High-speed rail gets trial on land survey access


“We’re disappointed in the court’s decision to go to trial and we believe our arguments will prevail there,” read part of a statement issued Wednesday by Texas Central Partners, the developer behind plans to construct the privately funded rail line.

The issue involves Texas Central seeking approval to conduct land surveys for its rail plan. A property owner near Houston has said the developer lacks authority to survey his property.

State District Judge Joseph “Tad” Halbach’s decision followed Texas Central’s request for a summary judgment in the land survey case. Texas Central responded by issuing the statement, which continues:

“The judge’s two-sentence decision only declined the company’s request for summary judgment, meaning the debate will be heard before a full trial. Contrary to what opponents are saying, he did not issue any opinion on the company’s operations or its rights under state law.”

The developer emphasized that the decision “does not set any kind of precedent, and we will show in a full trial that state law, established for more than a century, clearly gives railroad companies the right to conduct land surveys without interference.”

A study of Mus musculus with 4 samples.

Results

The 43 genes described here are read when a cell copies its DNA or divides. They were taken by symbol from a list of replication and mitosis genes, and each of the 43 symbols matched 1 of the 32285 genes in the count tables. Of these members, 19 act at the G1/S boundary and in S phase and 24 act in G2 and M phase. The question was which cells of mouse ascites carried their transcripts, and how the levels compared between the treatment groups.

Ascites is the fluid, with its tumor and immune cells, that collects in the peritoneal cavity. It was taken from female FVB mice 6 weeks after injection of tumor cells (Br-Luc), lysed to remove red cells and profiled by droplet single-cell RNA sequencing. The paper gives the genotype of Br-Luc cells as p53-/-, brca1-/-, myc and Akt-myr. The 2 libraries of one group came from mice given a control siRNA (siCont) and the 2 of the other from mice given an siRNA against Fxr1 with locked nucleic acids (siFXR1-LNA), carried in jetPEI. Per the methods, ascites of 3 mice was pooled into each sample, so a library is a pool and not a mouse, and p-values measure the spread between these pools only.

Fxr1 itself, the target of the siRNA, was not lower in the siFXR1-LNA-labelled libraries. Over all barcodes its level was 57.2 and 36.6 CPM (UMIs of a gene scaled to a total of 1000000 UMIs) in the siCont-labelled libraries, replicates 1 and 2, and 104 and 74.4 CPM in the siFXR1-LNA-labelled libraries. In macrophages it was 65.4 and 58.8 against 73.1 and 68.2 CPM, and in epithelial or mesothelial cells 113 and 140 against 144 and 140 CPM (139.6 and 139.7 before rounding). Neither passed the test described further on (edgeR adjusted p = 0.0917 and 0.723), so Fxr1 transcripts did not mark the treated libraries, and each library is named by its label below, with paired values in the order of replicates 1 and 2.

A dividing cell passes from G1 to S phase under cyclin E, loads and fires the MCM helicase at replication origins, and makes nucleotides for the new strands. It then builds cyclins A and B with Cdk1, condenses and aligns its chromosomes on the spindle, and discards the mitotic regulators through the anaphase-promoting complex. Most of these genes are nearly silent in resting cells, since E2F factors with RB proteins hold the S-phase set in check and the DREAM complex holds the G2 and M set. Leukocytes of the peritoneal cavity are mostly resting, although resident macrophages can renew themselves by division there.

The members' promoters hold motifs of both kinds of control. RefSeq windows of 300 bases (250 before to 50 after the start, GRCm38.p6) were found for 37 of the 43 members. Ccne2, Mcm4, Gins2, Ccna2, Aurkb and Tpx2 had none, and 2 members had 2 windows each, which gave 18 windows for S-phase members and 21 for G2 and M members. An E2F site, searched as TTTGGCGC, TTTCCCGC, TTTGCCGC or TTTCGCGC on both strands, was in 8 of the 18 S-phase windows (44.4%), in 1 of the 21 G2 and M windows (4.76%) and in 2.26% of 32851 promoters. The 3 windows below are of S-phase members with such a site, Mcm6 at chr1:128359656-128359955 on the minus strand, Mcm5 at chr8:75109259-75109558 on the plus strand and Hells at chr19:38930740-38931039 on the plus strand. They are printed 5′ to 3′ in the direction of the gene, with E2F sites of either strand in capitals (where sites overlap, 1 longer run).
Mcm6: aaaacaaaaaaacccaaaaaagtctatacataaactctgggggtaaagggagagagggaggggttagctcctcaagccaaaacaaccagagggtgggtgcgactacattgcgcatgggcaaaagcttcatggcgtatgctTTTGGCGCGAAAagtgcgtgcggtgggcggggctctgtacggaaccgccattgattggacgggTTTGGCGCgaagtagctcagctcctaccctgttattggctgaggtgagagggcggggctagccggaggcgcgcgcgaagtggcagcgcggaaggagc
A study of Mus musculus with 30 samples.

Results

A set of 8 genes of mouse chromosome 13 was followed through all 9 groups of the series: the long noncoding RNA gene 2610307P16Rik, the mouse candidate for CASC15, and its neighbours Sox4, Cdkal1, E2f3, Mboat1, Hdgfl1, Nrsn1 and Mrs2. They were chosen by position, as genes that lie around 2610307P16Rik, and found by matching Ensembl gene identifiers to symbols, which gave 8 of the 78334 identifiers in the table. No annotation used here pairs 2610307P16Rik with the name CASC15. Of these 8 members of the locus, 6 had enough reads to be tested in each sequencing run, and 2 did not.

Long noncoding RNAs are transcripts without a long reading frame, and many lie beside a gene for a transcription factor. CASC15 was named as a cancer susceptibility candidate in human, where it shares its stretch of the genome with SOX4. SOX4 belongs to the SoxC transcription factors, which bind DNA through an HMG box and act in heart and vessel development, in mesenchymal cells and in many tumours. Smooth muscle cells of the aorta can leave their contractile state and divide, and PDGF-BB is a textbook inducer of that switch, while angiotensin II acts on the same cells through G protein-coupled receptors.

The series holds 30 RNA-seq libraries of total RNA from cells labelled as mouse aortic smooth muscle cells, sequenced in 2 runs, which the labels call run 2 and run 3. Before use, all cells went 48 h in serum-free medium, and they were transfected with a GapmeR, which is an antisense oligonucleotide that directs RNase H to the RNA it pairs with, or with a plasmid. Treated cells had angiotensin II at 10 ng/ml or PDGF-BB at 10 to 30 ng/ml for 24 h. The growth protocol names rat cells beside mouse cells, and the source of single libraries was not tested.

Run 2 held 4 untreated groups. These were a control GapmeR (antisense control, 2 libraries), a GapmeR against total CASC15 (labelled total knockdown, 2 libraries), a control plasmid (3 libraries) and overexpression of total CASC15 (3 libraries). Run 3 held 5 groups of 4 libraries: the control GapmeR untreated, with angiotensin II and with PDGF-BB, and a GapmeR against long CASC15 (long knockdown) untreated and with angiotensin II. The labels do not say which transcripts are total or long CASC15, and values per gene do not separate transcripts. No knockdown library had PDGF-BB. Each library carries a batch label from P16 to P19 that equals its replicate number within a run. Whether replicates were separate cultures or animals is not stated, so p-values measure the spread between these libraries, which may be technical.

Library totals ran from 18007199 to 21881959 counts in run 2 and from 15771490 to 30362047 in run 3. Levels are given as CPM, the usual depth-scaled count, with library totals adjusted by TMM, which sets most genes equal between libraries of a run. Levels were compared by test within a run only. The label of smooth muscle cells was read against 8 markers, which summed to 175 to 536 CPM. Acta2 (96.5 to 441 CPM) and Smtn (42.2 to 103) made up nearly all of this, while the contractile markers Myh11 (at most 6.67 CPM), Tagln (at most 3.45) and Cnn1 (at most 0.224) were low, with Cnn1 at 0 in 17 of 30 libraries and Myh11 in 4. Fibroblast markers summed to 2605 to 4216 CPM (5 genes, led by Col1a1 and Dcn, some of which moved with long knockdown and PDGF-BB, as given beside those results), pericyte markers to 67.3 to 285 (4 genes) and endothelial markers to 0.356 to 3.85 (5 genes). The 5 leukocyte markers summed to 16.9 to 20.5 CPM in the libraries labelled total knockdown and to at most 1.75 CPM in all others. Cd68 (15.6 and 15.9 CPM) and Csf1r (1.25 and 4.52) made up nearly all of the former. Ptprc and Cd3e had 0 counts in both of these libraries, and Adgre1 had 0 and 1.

Texas Central vowed to continue to work with landowners “in a direct and respectful manner as the project moves ahead as planned.”

Austin lawyer Craig Enoch, a former Texas Supreme Court justice, also weighed in.

“The statements in the news release from Texans Against High-Speed Rail do not pass legal and factual scrutiny,” Enoch said.

“The judge did not issue a final ruling on Texas Central’s status as a railroad company or its power of eminent domain. The court makes no decision on Texas Central operating as a bona fide railroad company. The trial will determine these issues, not this preliminary hearing,” Enoch said in a statement.

Texas Central Partners, backed by a group of Texas-based investors, has said it will not accept federal grants for construction or public subsidies for operation. Plans call for trains making the trip between Dallas-Fort Worth and Houston in less than 90 minutes, with a single stop at its Brazos Valley station to be in Grimes County somewhere between Bryan-College Station and Huntsville.

The company plans to begin operations in 2021.

The estimated $36 billion in economic impact includes the initial $10 billion that Texas Central Partners plans to spend on the project’s design and construction.